Bioengineering crops to yield more vegetable oils
Scientists from NTU Singapore have successfully bioengineered an important protein in plants to increase the yield of oil from their fruits and seeds – a holy grail for the global agri-food industry.
Their patent-pending method can increase oil content in seeds by 15 to 18 per cent, which is a significant improvement since major oil-producing crops such as soybean, sunflower, rapeseed, and peanut, already have a high percentage of oil in their seeds.
This innovation can help the world in its quest for sustainability, helping to reduce the amount of arable land needed for oil-yielding crops while increasing the yield to meet the world’s growing demand for vegetable oil, especially when facing effects of climate change.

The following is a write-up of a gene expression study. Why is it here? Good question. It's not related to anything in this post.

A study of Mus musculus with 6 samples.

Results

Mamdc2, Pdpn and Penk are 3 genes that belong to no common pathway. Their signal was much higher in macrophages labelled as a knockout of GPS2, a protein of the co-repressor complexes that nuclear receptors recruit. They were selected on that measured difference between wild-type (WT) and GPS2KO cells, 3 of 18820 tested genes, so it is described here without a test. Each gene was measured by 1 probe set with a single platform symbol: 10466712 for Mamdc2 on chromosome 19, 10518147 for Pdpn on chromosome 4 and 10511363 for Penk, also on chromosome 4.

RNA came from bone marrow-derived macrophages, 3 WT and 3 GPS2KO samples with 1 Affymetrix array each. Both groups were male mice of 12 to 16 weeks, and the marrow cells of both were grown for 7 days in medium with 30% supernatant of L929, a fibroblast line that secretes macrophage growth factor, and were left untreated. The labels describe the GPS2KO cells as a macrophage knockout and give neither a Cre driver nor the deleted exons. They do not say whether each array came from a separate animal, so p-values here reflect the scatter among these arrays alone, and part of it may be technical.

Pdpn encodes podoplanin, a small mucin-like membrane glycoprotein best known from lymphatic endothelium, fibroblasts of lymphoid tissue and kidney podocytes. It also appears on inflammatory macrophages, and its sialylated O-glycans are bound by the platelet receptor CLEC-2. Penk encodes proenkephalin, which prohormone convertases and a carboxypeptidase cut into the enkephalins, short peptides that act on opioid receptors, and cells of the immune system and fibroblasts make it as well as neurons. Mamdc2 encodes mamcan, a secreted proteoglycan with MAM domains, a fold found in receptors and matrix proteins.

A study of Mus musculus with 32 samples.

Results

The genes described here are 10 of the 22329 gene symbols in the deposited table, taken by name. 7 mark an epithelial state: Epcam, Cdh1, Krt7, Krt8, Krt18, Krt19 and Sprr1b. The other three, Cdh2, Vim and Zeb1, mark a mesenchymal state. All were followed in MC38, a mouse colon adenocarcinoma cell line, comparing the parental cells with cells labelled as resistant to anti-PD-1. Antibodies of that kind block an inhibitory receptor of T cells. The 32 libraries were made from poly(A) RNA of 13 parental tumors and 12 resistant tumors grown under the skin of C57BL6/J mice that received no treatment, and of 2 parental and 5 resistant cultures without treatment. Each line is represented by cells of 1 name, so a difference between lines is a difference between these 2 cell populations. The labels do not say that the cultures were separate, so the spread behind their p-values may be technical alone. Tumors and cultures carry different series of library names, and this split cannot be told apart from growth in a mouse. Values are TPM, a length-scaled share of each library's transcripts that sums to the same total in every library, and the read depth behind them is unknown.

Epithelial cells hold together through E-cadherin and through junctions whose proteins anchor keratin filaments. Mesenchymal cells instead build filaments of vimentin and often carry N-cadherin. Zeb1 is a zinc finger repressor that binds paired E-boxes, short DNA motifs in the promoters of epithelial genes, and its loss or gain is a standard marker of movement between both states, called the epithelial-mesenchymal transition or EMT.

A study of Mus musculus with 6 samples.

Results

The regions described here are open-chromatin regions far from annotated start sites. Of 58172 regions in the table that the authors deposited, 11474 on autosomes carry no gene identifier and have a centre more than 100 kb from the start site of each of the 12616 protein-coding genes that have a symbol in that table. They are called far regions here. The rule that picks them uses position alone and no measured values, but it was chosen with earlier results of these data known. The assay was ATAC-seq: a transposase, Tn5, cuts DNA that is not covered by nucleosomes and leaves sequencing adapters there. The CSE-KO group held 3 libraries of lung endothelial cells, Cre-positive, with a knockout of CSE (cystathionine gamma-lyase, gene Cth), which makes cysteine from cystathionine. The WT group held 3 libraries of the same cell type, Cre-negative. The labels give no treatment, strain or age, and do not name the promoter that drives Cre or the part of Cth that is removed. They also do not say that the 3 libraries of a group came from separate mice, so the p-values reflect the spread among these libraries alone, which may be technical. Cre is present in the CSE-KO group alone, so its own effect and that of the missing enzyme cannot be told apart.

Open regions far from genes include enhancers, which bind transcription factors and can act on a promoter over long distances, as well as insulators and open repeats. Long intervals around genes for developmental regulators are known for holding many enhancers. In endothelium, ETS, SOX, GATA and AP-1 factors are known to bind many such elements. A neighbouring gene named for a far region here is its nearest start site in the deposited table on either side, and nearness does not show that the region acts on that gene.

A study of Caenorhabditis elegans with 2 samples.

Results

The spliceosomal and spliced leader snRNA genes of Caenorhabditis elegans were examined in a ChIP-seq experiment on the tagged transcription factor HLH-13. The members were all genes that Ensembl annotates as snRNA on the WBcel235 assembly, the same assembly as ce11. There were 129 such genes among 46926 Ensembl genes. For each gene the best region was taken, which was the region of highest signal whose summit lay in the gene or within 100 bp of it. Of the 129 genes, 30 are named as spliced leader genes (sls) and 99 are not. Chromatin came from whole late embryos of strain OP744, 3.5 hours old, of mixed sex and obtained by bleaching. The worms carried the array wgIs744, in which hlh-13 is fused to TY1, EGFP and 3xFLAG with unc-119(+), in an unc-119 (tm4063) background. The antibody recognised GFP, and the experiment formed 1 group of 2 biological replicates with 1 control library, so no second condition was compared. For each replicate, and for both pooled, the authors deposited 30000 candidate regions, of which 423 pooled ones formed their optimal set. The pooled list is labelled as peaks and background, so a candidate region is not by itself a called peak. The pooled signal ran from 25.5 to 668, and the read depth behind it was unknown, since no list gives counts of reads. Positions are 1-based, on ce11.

Lead scientists Assoc Prof Gao Yonggui and Asst Prof Ma Wei said their method can also aid the agri-food industry in addressing United Nation’s sustainable development goals, since vegetable oil is an essential part of the human diet and used extensively in food processing.
The global market for plant oils is estimated to be worth US$241.4 billion in 2021 and is expected to increase to US$ 324.1 billion by 2027, according to industry estimates. The team expects that their method will have economic impact if adopted by industry players.
Food and Agriculture Organization of the United Nations (FAO) Expert Consultant on novel foods, NTU Michael Fam Chair Professor William Chen, gave his independent views, saying that more advanced technologies to grow more food with higher nutrition value such as this, is required to increase food security and tackle world hunger.